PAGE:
Making the most of it

Emerging from another day of roaring wind and lashing rain to see a forecast for frost, sunshine and calm I determined to make the most of perhaps the last decent day of 2017 by extending the ever-longer “short walk” along the seawall across Pett Level and back along the Canal.

The first bird of interest was a Chiffchaff, in the Marsham Reedbed. Two new pools were dug there this autumn but were frozen over. Fulmars have returned in force to the cliffs, where a Peregrine was perched out on an overhanging branch.

On the PLPT land, areas which have been cleared of blackthorn the resulting rough vegetation concealed dozens of Song Thrushes, foraging safely there with Blackbirds, protected from strong winds and hidden from Sparrowhawks.

Across the Canal, Redwings & Fieldfares were continuing to strip the hawthorns, the latter an infrequent visitor along this stretch though common enough a little inland.

The marsh was covered with birds, which a pair of Marsh Harriers sent up in great wavering clouds: Curlews, Lapwings & Golden Plovers in a fabulous spectacle, filling the air with mournful wails and whistles. There were more Golden Plovers than I’d ever seen here – at least 600 – but probably a detachment from just down the road at Rye Harbour.  Ruff can be a bit tricky to pick out on the ground – though one has a helpfully pure white head – but once in the air were easier to distinguish.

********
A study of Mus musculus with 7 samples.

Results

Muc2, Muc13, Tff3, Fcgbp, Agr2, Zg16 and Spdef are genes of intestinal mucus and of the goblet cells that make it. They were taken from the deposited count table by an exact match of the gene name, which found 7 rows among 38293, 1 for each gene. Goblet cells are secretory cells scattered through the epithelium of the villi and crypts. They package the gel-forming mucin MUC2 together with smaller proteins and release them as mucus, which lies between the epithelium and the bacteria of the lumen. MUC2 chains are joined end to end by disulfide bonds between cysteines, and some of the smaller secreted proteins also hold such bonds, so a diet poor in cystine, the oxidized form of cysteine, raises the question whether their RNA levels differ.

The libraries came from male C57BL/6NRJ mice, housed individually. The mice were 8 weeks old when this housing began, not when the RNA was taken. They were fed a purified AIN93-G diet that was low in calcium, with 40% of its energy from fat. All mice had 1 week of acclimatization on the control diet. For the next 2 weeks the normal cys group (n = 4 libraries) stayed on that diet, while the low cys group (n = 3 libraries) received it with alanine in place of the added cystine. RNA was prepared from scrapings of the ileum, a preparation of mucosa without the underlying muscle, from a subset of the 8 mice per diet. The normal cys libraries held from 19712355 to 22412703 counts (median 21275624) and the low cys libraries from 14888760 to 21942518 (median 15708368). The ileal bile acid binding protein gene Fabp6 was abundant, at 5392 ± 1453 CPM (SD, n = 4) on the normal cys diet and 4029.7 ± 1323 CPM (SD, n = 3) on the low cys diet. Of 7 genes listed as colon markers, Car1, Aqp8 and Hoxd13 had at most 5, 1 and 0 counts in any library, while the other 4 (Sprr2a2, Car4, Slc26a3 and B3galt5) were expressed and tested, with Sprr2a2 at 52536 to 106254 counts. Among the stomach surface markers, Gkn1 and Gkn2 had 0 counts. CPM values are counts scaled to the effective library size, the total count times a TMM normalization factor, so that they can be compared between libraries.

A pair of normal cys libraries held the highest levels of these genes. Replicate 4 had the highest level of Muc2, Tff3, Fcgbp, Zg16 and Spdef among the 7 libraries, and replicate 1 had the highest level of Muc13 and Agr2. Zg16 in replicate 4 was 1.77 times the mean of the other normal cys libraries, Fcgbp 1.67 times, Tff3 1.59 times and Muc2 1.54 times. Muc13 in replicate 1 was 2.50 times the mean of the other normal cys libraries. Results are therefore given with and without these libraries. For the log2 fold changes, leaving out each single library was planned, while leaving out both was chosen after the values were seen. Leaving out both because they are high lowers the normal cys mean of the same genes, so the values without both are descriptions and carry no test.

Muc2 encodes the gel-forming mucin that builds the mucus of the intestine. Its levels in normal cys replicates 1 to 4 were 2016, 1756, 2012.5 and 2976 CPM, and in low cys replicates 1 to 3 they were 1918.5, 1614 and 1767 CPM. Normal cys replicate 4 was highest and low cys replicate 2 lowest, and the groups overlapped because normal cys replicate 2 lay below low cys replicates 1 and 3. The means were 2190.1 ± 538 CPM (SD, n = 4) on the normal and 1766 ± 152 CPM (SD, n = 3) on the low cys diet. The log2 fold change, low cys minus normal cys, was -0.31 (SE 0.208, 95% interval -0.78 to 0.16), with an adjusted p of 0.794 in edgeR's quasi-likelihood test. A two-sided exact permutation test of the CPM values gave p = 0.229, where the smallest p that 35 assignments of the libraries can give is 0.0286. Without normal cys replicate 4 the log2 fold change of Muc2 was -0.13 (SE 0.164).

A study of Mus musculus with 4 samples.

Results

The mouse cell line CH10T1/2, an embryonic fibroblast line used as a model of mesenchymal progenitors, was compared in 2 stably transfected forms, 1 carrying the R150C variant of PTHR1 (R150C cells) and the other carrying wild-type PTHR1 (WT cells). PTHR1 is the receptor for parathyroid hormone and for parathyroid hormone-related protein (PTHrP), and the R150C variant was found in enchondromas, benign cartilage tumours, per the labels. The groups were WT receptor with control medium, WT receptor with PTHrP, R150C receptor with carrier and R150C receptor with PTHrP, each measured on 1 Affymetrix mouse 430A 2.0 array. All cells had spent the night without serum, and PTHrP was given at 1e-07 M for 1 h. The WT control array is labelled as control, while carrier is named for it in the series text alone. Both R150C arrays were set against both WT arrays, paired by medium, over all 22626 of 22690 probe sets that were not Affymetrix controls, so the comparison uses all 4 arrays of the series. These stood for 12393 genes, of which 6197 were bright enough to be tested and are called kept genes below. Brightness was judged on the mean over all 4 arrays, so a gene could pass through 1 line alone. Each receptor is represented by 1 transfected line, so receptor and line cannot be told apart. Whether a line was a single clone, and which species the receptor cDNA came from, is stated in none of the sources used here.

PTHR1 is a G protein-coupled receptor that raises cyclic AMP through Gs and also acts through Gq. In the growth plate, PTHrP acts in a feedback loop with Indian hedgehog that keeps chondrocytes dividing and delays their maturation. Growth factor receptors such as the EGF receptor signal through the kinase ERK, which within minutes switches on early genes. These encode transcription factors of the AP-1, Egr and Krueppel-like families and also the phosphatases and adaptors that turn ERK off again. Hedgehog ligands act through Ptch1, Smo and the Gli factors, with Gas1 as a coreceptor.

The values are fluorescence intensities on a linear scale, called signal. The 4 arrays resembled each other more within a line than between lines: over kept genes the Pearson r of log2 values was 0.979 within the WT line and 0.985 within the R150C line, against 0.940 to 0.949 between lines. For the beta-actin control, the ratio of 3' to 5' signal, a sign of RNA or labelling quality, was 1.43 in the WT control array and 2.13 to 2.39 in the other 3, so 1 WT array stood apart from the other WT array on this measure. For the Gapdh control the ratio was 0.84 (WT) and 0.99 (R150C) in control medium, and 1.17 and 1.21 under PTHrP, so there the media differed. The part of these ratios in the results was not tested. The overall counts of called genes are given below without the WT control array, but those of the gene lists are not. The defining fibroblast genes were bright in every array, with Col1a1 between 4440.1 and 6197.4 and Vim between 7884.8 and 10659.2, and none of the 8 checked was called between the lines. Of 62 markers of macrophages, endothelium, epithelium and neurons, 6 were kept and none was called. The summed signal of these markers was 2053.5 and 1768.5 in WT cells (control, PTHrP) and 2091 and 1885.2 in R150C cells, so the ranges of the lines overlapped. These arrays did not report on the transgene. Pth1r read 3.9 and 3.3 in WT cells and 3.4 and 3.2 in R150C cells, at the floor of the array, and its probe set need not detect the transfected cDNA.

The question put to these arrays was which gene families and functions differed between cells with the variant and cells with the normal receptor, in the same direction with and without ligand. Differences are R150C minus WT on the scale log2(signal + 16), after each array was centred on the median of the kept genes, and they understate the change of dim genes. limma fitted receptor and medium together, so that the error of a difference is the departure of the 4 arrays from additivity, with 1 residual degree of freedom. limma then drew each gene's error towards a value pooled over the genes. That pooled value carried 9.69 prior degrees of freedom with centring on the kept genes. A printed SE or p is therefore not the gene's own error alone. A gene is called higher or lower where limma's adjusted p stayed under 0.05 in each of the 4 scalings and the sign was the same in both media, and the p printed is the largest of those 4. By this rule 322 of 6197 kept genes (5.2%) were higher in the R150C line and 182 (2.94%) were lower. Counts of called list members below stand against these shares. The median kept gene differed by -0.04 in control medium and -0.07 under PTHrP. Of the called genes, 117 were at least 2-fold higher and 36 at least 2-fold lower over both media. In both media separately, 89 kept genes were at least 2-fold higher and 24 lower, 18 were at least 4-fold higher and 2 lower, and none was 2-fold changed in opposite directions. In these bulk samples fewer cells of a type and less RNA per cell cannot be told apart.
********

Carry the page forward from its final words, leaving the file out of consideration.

On the beach opposite, Turnstones, Dunlin & Grey Plovers were waiting for the tide to drop, lined up at the points where moorlog would first be exposed like commuters clustered where the doors would be on a train yet to arrive.

The Pools were occupied by the usual ducks but at the east end a Great Egret sat in the reeds. It has been hanging around for a week or so, sometimes hunched on the bank among Cormorants along with the crazy,mixed-up Wigeon-killing GBb Gull.

Hundreds of Greylag & Canada Geese spread across the marsh, we managed to pick out a couple of Whitefronts.

Nothing much to add from then on; 72 species but no Meadow Pipits, Skylarks, Stonechats or Reed Buntings.

The low, raking light emphasises WWII gun positions dug into the landward side of the Napoleonic-era Canal parapet, looking towards and invading force that never came.

A quick lunch, then off to the Reedbed Viewpoint at Castle Water to witness the orange sunset drama, as dark Fieldfares on their way to roost crossed rose-pink plumes of vapour from shining jets high above, Cormorants converged into the bare trees, shadowy Marsh Harriers cruised the fields and, as the reedbeds blackened, Water Rails signed out in a squealing choir.